Harbaugh to Michigan - But for How Long?

HarbaughThe news of Michigan’s hiring of Jim Harbaugh last week was met with much excitement and fanfare.  However, the news reminded me of one of my favorite topics: the treatment of collegiate coaching contracts.  It also reminded me of something that Harbaugh said after signing a contract extension to coach at Stanford.  At a press conference to announce the extension, Harbaugh wouldn’t commit to coaching the Cardinal the following season:

“Nobody has promised that….I’m not going to write anything in blood on a stone tablet.”

This quote was used as part of a 2009 story by Elliot Almond of the San Jose Mercury Press, which explored the area of college coaching contracts and introduced me to the concept that these contracts are akin to pre-nuptial agreements - they merely set forth the obligations of each party when the inevitable divorce occurs.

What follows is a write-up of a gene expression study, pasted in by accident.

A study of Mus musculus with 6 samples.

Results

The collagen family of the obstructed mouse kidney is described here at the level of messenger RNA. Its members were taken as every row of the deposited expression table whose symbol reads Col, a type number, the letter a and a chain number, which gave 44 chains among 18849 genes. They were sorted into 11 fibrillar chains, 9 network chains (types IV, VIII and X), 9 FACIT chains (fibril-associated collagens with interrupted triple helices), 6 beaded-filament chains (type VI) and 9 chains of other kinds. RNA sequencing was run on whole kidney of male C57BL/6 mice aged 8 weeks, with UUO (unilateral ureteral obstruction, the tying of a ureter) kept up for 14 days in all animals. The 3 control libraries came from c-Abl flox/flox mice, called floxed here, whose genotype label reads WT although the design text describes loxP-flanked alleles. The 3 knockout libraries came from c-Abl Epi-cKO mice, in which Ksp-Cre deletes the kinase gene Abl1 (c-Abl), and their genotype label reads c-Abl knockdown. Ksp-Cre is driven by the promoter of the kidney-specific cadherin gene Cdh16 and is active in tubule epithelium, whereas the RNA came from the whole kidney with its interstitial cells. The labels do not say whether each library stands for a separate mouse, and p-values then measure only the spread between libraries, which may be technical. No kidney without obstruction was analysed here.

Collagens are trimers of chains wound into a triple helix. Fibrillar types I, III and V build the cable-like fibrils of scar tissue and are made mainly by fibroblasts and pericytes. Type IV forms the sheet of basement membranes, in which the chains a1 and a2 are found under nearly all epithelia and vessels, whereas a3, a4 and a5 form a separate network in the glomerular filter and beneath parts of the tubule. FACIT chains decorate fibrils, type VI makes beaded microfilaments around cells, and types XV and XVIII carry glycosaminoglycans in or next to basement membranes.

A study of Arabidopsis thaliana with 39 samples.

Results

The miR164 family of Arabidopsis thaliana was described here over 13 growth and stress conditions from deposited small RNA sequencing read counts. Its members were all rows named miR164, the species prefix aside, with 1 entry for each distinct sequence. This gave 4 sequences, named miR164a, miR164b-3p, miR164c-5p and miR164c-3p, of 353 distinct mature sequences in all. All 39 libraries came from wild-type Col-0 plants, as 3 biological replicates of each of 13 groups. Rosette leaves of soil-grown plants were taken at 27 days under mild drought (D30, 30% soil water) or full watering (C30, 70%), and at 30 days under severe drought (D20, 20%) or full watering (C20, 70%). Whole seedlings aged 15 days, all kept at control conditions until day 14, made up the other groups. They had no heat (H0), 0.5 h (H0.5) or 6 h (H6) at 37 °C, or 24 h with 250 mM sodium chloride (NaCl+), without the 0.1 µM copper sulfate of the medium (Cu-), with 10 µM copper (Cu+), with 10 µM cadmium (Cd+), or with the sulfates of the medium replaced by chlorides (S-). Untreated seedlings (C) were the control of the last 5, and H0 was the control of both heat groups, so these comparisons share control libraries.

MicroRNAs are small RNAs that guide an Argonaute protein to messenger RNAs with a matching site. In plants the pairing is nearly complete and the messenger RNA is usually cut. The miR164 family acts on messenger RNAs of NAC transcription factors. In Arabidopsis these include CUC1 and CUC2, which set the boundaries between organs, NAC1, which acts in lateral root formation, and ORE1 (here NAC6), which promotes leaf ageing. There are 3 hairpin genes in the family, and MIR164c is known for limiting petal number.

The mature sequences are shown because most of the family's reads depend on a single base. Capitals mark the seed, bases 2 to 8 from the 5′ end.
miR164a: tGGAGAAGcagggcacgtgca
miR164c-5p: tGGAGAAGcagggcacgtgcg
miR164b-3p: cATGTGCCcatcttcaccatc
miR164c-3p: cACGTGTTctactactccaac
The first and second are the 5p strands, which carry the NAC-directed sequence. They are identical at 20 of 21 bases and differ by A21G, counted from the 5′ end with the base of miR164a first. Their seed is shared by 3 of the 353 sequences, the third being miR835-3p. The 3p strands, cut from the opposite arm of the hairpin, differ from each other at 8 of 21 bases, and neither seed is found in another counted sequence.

Harbaugh’s statement probably went unmentioned in the Harbaugh-to-Michigan articles, because it merely reflects the status quo in big-time collegiate coaching.  Coaches remain perpetual free agents, regardless of buyout clauses.  Schools generally remain unwilling to get involved in litigation with coaches and the schools that hire their coaches (for an exception, see this post regarding Marist).  Jim McElwain’s recent departure from Colorado State for Florida demonstrates this concept, although Colorado State deserves credit for negotiating a considerable settlement, which reportedly contained a game-commitment clause.

For Harbaugh, time will tell how long he coaches at Michigan.  But Wolverines fans should prepare themselves to hear about Harbaugh’s potential return to the NFL each off-season, regardless of the terms of his contract.